Glazing is done after the food has been prepared, giving it the final touches both in terms of flavour and aesthetics. The French word “glacer” means “to gloss”, and provides the origin of the commonly used term in German speaking countries “glacieren”.
Glazing is usually associated with baking – whether cakes, doughnuts or muffins, many baked goods are only complete when they are topped with a sweet cake glaze. It also acts as a great base for other decorations, like sprinkles. The most common type of icing is a sugar glaze, which is made by stirring a mix of icing sugar and water until it forms a smooth, thick mass.
If the consistency is too thin the sugar glaze will simply absorb into the cake; too thick and the icing is hard to spread and won’t dry properly. For additional flavour use lemon juice, coffee or rum instead of water. Use one tablespoon of liquid per 100 grams of icing sugar. White icing is too boring? With a little food colouring, you can transform your icing into any colour, or use natural food colourings like spinach, carrots and beets.
Passionate bakers know chocolate icing is an all-time favourite that accentuates the taste of any chocolate desert. Chocolate icing is available in a number of variations from the supermarket, most of which can easily be heated in the microwave. However, be careful not to heat chocolate icing too much, as the chocolate may begin to boil otherwise and damage the plastic packaging.
You can also make chocolate icing yourself, although it is a little more complicated than simply melting chocolate, as you need to add something to make the icing smooth. Slowly melting 150 grams of a chocolate of your choice with 100 grams of butter or coconut oil in a water bath results in a super smooth chocolate icing. Stir the mixture frequently to avoid it burning. Alternatively, melt 200 grams of roughly chopped couverture chocolate, or normal chocolate, in 200 millilitres of cream and ice your cake with it.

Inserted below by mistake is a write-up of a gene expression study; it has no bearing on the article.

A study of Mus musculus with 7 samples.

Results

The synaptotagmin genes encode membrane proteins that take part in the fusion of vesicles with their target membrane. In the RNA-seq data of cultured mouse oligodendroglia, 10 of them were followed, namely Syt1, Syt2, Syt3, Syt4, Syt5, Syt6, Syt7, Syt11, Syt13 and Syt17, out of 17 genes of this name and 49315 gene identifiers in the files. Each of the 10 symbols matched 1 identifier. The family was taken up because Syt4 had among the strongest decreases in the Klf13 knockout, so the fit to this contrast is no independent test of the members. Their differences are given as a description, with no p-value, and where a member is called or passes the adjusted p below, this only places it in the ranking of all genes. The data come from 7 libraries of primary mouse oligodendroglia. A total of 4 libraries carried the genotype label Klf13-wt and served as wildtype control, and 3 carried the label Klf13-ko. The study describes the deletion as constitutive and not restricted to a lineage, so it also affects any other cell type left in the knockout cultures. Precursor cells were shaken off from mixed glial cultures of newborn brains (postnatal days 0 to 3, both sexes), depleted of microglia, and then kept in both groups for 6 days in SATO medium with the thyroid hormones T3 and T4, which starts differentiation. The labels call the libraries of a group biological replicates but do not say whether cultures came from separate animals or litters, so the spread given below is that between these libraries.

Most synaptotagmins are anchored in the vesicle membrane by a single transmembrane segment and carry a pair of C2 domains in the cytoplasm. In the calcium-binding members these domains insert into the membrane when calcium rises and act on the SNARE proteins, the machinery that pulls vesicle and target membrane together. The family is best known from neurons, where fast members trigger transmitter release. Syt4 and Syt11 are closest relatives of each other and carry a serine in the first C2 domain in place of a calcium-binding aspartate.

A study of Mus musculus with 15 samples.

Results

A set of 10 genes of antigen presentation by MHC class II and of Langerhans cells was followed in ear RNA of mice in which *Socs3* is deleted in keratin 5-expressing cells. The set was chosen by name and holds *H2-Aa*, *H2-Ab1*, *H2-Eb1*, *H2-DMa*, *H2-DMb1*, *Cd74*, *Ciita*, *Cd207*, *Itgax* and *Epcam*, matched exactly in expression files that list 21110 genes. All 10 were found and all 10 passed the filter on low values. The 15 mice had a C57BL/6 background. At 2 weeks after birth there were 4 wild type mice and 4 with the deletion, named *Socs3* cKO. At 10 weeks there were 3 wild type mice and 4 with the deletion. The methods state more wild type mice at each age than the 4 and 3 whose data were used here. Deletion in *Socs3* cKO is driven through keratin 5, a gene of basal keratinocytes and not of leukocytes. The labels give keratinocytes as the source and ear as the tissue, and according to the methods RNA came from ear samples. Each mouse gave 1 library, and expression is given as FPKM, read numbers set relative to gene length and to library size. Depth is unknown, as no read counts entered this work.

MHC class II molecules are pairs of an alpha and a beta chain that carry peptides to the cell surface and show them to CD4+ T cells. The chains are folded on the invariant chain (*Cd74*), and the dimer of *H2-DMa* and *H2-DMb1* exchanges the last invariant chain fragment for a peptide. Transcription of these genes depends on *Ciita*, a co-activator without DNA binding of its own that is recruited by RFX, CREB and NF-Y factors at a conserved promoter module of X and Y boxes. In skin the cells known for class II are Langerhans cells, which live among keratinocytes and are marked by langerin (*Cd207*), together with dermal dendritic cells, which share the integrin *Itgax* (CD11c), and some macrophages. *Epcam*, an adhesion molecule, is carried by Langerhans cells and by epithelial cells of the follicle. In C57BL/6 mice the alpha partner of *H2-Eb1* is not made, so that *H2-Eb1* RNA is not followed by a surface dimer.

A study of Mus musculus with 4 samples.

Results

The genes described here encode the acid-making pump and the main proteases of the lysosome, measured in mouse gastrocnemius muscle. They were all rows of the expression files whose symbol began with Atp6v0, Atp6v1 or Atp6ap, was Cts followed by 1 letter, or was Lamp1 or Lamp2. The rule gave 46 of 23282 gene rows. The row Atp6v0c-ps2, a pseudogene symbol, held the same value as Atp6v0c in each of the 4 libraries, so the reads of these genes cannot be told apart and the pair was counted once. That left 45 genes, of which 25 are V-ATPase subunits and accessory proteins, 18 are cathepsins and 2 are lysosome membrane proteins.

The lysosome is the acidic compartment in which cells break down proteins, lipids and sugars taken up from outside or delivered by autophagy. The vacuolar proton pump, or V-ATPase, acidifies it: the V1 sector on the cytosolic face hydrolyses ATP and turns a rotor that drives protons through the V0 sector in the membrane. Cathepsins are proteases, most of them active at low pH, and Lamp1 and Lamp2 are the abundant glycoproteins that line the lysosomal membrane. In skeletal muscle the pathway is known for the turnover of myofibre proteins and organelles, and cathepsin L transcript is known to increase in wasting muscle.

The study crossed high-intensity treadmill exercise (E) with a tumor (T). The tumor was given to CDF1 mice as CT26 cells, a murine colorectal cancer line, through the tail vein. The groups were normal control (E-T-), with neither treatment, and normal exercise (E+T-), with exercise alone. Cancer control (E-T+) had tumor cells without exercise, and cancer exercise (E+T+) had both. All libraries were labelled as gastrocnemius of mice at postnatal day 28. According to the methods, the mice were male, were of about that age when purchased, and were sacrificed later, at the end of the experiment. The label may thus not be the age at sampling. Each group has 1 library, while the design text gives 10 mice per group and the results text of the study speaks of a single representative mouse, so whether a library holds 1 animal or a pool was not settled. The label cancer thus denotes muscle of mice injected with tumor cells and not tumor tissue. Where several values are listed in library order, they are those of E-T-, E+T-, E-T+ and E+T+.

Glazing fruit is a popular way to add a final flourish to a dessert. To make a glaze for fruit, first make a sugar solution by briefly allowing sugar and water to come to the boil in a pot. Once both components are combined well, dip some strawberries, grapes or cherries into it, ideally on a tooth pick to avoid burning your fingers.
Glazing is not only for sweet foods – savoury meals also benefit from the appetising gloss of a glaze. Starchy vegetables, like carrots, peas, shallots or kohlrabi, are particularly suited to glazes. Simply fry the vegetables in some butter and add a tablespoon of sugar. Once combined, add a splash of wine or stock – the right amount of liquid should just cover the floor of the pot.
Continue to cook the vegetables with the lid on, then remove the lid just before the vegetables are cooked and allow the liquid to reduce while stirring occasionally. Meat like chicken or veal can also be glazed using this method – simply pour the simmering liquid regularly over the meat. Using a roasting pan in the oven also works well.